Well-functioning democracies require a well-informed citizenry, an open social and political discourse and absence of opaque or deceitful influence. Western democracies have however always been prone to power asymmetries and to coercion and the curbing of these freedoms through oppression and propaganda. And while the powerful have always used tools and techniques to influence our opinions, the increasing use of the latest digital technologies in the 21st century, such as Artificial Intelligence (“AI”), has put these processes on steroids. Adoption of AI and datafication has raised concerns whether society is sliding into an Orwellian nightmare, where all of our actions are being scrutinized, controlled and manipulated at a scale that has never been possible before.
While Europe can be commended for taking legislative steps to counter some of this, we fear that we have barely scratched the surface of understanding what might be necessary to effectively protect our democracies from the adverse effects of AI.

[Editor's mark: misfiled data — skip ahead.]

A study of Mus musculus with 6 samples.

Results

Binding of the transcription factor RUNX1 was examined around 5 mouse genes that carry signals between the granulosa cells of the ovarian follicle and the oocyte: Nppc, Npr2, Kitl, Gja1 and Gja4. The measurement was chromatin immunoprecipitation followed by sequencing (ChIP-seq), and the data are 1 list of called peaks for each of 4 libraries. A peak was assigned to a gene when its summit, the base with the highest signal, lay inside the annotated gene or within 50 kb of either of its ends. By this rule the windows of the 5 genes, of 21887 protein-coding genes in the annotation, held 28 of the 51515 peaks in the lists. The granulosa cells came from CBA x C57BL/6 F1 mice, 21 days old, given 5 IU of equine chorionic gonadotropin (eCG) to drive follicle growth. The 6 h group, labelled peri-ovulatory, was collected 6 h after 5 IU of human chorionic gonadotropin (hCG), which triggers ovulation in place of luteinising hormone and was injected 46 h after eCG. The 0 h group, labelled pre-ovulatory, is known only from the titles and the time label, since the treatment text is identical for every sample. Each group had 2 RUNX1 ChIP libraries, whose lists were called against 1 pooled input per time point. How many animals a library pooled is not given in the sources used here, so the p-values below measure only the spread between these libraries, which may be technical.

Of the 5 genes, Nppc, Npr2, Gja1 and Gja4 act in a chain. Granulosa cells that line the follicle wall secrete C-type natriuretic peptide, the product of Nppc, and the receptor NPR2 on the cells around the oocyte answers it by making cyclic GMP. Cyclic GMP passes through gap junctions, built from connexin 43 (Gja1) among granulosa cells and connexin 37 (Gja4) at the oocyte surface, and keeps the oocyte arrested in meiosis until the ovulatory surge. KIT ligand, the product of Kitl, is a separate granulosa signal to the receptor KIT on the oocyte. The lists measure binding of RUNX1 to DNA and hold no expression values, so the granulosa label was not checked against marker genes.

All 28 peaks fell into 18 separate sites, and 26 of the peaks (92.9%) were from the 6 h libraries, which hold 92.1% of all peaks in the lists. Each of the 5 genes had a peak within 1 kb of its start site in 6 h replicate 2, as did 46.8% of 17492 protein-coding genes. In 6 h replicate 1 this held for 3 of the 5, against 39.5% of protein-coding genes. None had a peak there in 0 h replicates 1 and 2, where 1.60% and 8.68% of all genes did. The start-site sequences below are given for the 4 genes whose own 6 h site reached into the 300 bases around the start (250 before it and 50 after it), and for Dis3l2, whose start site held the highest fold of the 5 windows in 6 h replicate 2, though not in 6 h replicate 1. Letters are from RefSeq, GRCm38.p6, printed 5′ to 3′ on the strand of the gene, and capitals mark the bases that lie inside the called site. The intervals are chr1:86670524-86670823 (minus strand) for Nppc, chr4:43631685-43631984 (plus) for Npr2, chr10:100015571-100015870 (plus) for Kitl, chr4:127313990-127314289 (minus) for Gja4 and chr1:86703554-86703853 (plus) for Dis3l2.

Asymmetries of power, private control over public information, constant tracking and tracing and the Internet-of-Minds, they all need bolder solutions. The paradigm must shift from tackling one symptom at a time, to a proactive and anticipatory approach, where we keep asking question zero: what kind of society do we want to live in, and where does AI truly help us achieve that?
Catelijne Muller, Christofer Talvitie and Noah Schöppl wrote an article on the impact of AI on democracy for the well known and highly respected Verfassungsblog.